Saturday, December 26, 2009

Soup's On

Mother Wolff SoupI make soup all year round, but I love, love, love soup on a cold day. My pantry is stocked with dried peas and lentils for spur-of-the-moment pots of goodness, but sometimes I break out more time-consuming recipes. On a rather blustery day, Mother Wolff Soup simmered on my stovetop for about four hours, requiring only the occasional stir. The soup came out more brothy than I expected -- especially in light of the ingredient list: lima beans and barley and rice and potatoes. Still, Kit went for a second bowlful, and leftovers improved from sitting in the fridge for a day or two, so the recipe is a keeper.

A much quicker soup is Vegetarian Split Pea. It's stick-to-your-ribs thick and it goes from pantry to table in less than an hour.

Mother Wolff Soup
(adapted from Sundays at Moosewood Restaurant)

4 quarts water
1/2 cup dried lima beans, soaked overnight
1 cup cooked rice
1/2 cup barley
4 large garlic cloves, minced
1 Tbsp dried dill
1 bay leaf
2 Tbsp vegetable oil
1 cup diced onions
1 cup chopped celery
1 Tbsp sweet paprika
1 cup diced potatoes
1 cup diced carrots
1/2 tsp salt
ground black pepper
1 cup frozen peas
1 cup chopped canned tomatoes
1/4 cup chopped fresh parsley

In a large soup pot, combine water, drained limas, rice, barley, garlic, dill, and bay leaf. Bring to a boil, then lower heat, cover and simmer for 1.5 hours.

About an hour into the simmering time, heat the oil in a large frying pan and saute the onion and carrots for a few minutes. Mix in the paprika, potatoes, carrots, salt, and pepper. Cover and cook for a few minutes, stirring frequently, then add in the peas and cook, covered, a few minutes more.

Remove the bay leaf from the soup pot and add in the sauteed vegetables, tomatoes, and parsley. Add more salt and pepper if desired. Simmer the soup, on low heat, for another 1.5 to 2 hours, stirring occasionally.

Vegetarian Split Pea Soup
(adapted from various recipes)

1 Tbsp olive oil
1 large onion, diced
1 carrot, diced
7 cups water
1 lb dried split peas
1 Tbsp fresh thyme
Juice of one-half lemon (or more, to taste)
1/2 tsp to 1 tsp salt
Paprika to taste

In a 5-quart Dutch oven, heat the olive oil over medium-high heat and saute the onion and carrot until they begin to soften, about 5 minutes. Add the water, peas, and thyme to the pot; bring to a boil, then lower the heat and simmer the soup for about 40 minutes or until the peas are soft, stirring occasionally.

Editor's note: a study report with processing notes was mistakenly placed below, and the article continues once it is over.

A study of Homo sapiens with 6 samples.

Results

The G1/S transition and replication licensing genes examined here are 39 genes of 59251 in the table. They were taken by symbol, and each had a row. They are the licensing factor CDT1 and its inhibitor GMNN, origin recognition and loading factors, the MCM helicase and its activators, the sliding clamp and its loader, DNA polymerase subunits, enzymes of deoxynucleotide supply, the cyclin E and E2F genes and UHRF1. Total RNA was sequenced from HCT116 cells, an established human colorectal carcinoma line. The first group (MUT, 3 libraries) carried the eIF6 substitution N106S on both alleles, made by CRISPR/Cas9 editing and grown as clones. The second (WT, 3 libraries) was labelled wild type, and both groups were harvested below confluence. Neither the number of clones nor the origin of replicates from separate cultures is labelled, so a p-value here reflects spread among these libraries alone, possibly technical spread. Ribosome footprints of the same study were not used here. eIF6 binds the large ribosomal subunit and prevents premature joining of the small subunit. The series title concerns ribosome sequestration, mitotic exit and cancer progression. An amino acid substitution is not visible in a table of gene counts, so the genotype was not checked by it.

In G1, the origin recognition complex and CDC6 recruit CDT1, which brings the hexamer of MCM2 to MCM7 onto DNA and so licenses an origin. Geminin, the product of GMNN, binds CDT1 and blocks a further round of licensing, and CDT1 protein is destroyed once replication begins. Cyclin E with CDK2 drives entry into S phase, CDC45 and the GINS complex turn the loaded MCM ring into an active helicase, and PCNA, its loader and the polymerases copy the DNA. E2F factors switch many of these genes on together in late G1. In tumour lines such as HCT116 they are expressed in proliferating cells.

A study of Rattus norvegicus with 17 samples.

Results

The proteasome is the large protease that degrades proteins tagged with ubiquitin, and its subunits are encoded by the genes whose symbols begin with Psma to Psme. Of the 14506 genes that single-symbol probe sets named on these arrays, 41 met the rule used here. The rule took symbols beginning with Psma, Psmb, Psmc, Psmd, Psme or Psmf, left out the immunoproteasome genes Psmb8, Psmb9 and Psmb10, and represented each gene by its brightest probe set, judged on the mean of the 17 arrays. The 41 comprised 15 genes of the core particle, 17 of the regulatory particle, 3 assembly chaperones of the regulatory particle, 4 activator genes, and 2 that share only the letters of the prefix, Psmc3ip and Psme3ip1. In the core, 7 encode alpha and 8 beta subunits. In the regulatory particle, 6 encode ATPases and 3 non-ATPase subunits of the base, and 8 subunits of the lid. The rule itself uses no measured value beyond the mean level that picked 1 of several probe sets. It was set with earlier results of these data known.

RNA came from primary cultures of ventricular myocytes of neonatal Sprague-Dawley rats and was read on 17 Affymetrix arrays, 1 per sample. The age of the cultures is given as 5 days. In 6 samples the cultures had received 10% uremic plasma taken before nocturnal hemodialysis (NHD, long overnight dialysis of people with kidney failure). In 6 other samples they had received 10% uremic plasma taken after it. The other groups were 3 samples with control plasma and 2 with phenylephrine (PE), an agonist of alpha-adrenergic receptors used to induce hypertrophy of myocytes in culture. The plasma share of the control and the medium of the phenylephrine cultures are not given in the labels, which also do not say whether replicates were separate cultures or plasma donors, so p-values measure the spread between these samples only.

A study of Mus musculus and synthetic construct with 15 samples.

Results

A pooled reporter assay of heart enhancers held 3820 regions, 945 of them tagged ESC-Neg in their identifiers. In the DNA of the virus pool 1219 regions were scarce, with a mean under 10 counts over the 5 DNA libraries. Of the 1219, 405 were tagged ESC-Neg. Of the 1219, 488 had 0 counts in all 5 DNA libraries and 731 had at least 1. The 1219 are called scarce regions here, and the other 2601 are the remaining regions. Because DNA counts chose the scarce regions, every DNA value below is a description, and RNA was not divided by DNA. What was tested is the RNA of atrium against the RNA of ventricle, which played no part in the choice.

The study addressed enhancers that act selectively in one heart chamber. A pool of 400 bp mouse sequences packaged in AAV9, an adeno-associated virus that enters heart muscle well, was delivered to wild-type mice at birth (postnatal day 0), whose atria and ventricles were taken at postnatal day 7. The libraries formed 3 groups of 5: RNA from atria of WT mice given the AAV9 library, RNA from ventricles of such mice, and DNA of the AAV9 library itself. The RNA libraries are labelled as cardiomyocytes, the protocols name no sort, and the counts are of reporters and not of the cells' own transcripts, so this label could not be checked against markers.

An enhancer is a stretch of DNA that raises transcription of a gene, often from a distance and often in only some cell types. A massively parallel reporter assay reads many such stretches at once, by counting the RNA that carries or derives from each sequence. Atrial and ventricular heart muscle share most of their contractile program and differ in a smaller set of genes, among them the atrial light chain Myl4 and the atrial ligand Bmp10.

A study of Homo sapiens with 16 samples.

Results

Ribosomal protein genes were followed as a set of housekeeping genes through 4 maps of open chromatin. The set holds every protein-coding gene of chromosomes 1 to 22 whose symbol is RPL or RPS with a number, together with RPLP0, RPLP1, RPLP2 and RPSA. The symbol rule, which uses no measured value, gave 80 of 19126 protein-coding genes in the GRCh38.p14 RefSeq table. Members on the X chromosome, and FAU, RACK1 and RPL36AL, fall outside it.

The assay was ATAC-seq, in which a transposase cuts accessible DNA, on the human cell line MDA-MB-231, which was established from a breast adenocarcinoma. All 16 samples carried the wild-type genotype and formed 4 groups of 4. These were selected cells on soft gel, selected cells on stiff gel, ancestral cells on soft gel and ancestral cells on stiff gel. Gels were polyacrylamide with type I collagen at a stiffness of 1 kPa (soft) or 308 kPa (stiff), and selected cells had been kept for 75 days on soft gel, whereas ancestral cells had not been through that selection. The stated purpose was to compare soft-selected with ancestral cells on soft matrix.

Measure out 4 cups of soup and puree them in a food processor. Return the pureed soup to the remaining soup in the pot. Add salt, lemon juice, and paprika to taste. (For a "meaty" taste, try this with smoked paprika. Or, for another flavor profile, leave out the paprika and sprinkle in curry powder.)

Thursday, December 17, 2009

Seasonal Silliness

More proof that marshmallows function as clay.

Recipe idea from Martha Stewart Living, by way of the Jewish Journal Boston North.

Friday, December 4, 2009

Repurposing Contents

Bubble and SqueakYup, I followed my own advice and made Bubble and Squeak. This one featured leftovers from a couple of dinners: mashed potatoes, carmelized onions, and peas.

Coincidentally, The Boston Globe this week debuted a food column about creating new meals from parts of a previous one. I find columns like this just a tad silly: Don't all cooks do this naturally? (Thinking here ...) Okay, I suppose they don't, but it's standard operating procedure at Chez Swiss Chard.

I love Thanksgiving dinner because it provides a mother lode of secondary meals. The carcass becomes stock. Stock becomes soup or the base of a sauce. Sauce plus leftover turkey meat becomes turkey a la king or curry. Sauce plus leftover turkey meat plus leftover vegetables becomes tetrazzini (if you add pasta) or shephard's pie (if you top it with leftover mashed potatoes). The possibilities aren't endless (unless you have a really big turkey) but it's well worth the effort to roast that bird.

Here's a dairy-free take on turkey tetrazzini that I concocted several Thanksgivings ago. It makes good use of leftovers.

Turkey Kosherzzini
(Adapted from
Jane Brody's Good Food Book)

1 tablespoon pareve margarine or olive oil
1/2 pound mushrooms, sliced
2 tablespoons flour
1/2 tsp salt
1/4 tsp black pepper
2 cups turkey or chicken stock
1 tsp Worcestershire sauce
1 green bell pepper, seeded and diced
1/3 cup sliced scallions or onions
leftover cooked vegetables, such as broccoli, peas, or green beans (amount is flexible; let's say 1 to 2 cups)
2 cups cooked turkey, cut into small cubes
1/2 pound spaghetti, cooked and drained

In a large, heavy saucepan over medium heat, saute the mushrooms in the margarine or oil until tender. Stir in the flour, salt, and pepper. Gradually whisk in the stock. Add the Worcestershire sauce and simmer, stirring, until the sauce has thickened a bit. Add the bell pepper, scallions or onions, and leftover vegetables and mix well. Stir in the turkey and spaghetti.

Pour the mixture into a greased 2-quart shallow casserole or baking dish. Bake, uncovered, in a 350 degree oven for about 20 minutes or until heated through.